Naomi said unto her two daughters in law, Go, return each to her mother’s house. Orpah kissed her mother in law; but Ruth clave unto her. Ruth said, Intreat me not to leave thee, or to return from following after thee: for whither thou goest, I will go; and where thou lodgest, I will lodge: thy people shall be my people, and thy God my God: Where thou diest, will I die, and there will I be buried: the Lord do so to me, and more also, if ought but death part thee and me.
Ruth 1:8-17 (excerpts)
It’s disappointing that most of what we know of about Naomi is after the tragedy of loosing her husband and two sons. Too often I think we fixate on her declaration to “Call me not Naomi, call me Mara: for the Almighty hath dealt very bitterly with me.” (1:20) Yet, her very name speaks of sweetness and pleasantness. A sweet, loving woman she must surely have been to have become a mother to Ruth, greater than Ruth’s own.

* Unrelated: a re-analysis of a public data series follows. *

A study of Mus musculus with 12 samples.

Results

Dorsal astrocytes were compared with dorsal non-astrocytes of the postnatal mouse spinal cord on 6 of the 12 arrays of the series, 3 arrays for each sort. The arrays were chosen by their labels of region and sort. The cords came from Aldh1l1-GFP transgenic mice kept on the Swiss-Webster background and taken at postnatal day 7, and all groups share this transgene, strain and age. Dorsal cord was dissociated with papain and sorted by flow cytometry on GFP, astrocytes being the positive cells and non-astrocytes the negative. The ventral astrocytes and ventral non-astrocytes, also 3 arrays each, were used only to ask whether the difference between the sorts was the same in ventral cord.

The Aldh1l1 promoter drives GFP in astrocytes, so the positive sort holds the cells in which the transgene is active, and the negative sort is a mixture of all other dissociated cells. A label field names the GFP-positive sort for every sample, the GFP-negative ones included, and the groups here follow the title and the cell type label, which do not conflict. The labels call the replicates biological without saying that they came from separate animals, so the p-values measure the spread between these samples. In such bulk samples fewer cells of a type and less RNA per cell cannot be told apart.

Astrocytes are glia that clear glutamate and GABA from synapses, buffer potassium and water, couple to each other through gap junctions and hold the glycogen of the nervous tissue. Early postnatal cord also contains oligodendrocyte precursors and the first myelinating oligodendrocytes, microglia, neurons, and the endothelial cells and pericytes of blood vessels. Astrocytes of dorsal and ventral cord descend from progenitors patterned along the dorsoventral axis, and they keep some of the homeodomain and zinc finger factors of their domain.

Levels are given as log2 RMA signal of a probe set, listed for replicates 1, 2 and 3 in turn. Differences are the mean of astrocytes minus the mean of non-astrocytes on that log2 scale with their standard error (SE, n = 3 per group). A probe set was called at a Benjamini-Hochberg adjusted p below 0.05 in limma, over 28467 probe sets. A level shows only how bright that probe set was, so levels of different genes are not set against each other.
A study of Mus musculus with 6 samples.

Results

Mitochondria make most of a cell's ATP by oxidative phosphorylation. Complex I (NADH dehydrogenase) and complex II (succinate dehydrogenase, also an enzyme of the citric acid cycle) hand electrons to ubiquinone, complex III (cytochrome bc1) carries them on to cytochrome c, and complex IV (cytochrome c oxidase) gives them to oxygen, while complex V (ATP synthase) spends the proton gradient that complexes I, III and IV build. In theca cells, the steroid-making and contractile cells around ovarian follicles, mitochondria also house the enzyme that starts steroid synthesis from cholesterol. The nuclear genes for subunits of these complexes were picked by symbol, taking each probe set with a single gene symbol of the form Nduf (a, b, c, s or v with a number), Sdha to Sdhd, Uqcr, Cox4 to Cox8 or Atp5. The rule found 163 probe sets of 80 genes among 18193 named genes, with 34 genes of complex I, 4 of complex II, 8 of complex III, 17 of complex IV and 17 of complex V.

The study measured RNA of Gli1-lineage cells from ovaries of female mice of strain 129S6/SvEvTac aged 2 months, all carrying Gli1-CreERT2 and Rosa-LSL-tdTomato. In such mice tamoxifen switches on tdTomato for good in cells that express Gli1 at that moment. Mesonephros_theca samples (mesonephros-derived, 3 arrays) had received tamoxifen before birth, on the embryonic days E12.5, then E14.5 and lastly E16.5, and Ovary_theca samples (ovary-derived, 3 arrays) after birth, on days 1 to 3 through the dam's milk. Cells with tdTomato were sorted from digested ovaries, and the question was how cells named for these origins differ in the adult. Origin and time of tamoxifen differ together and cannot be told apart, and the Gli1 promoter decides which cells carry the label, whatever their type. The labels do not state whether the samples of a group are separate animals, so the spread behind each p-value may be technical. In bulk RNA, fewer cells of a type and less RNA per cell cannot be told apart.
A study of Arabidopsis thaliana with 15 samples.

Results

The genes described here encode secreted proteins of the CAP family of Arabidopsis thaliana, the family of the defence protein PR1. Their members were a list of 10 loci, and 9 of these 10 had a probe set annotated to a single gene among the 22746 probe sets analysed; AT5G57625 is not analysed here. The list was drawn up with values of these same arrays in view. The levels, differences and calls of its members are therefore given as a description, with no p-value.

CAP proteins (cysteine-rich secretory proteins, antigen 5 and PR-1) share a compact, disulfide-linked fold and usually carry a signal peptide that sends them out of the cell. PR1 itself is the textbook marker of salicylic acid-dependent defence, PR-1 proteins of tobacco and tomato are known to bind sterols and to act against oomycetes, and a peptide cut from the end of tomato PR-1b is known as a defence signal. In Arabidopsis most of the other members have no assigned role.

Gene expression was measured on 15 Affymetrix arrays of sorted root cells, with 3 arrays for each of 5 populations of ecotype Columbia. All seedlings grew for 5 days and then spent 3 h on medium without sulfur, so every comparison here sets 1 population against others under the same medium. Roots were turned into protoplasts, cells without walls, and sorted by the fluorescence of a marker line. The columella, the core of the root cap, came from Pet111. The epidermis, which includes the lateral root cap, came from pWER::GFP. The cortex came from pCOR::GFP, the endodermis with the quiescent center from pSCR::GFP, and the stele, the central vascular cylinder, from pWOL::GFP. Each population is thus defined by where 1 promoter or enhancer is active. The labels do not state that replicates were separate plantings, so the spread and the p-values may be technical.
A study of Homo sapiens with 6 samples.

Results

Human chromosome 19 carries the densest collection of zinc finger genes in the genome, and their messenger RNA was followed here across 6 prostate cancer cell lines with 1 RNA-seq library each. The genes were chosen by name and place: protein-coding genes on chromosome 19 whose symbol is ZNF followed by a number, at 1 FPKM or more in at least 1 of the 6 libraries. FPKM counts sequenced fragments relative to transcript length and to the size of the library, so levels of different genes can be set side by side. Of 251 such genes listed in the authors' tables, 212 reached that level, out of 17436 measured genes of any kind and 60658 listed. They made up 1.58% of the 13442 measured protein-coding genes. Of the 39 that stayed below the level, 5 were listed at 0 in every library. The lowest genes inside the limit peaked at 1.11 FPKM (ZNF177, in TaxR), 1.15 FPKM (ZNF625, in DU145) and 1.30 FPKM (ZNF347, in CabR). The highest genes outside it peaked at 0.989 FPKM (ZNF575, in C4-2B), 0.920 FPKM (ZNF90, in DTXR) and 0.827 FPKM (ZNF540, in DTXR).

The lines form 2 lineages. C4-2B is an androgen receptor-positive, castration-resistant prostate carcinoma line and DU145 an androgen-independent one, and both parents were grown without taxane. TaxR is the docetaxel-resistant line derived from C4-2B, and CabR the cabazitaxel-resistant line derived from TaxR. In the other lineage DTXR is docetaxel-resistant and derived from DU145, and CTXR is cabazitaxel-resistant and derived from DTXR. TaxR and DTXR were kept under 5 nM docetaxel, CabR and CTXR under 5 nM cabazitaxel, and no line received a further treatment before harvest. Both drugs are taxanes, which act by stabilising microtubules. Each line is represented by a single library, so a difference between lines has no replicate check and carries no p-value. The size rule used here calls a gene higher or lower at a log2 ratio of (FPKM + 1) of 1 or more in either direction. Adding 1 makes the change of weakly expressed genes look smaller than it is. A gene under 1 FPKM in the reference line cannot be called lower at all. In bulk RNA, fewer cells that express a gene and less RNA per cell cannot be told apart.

Look at it from Ruth’s perspective. Her husband has died. Who is it that Ruth goes to for comfort? Who is it that Ruth seeks to emulate? Who is it that Ruth clings to? Naomi tells Ruth to return to her mother. Ruth tells Naomi that she is already there.
A mother is not simply the construct created by birth. A mother is a role that can be carried out by those who like, Naomi and Ruth, bloodlines are even in opposition. One a Jewess. The other a Moabitess. Their lineage could not have been further separated. Nevertheless, Ruth found a mother in Naomi.
As Christians, we need more women like Naomi. Women, full of sweetness, that will adopt the Ruths and teach them the ways of the Lord. Women, who like Naomi, cause others to emulate her godly ways.
Dear Christian woman, won’t you be a Naomi?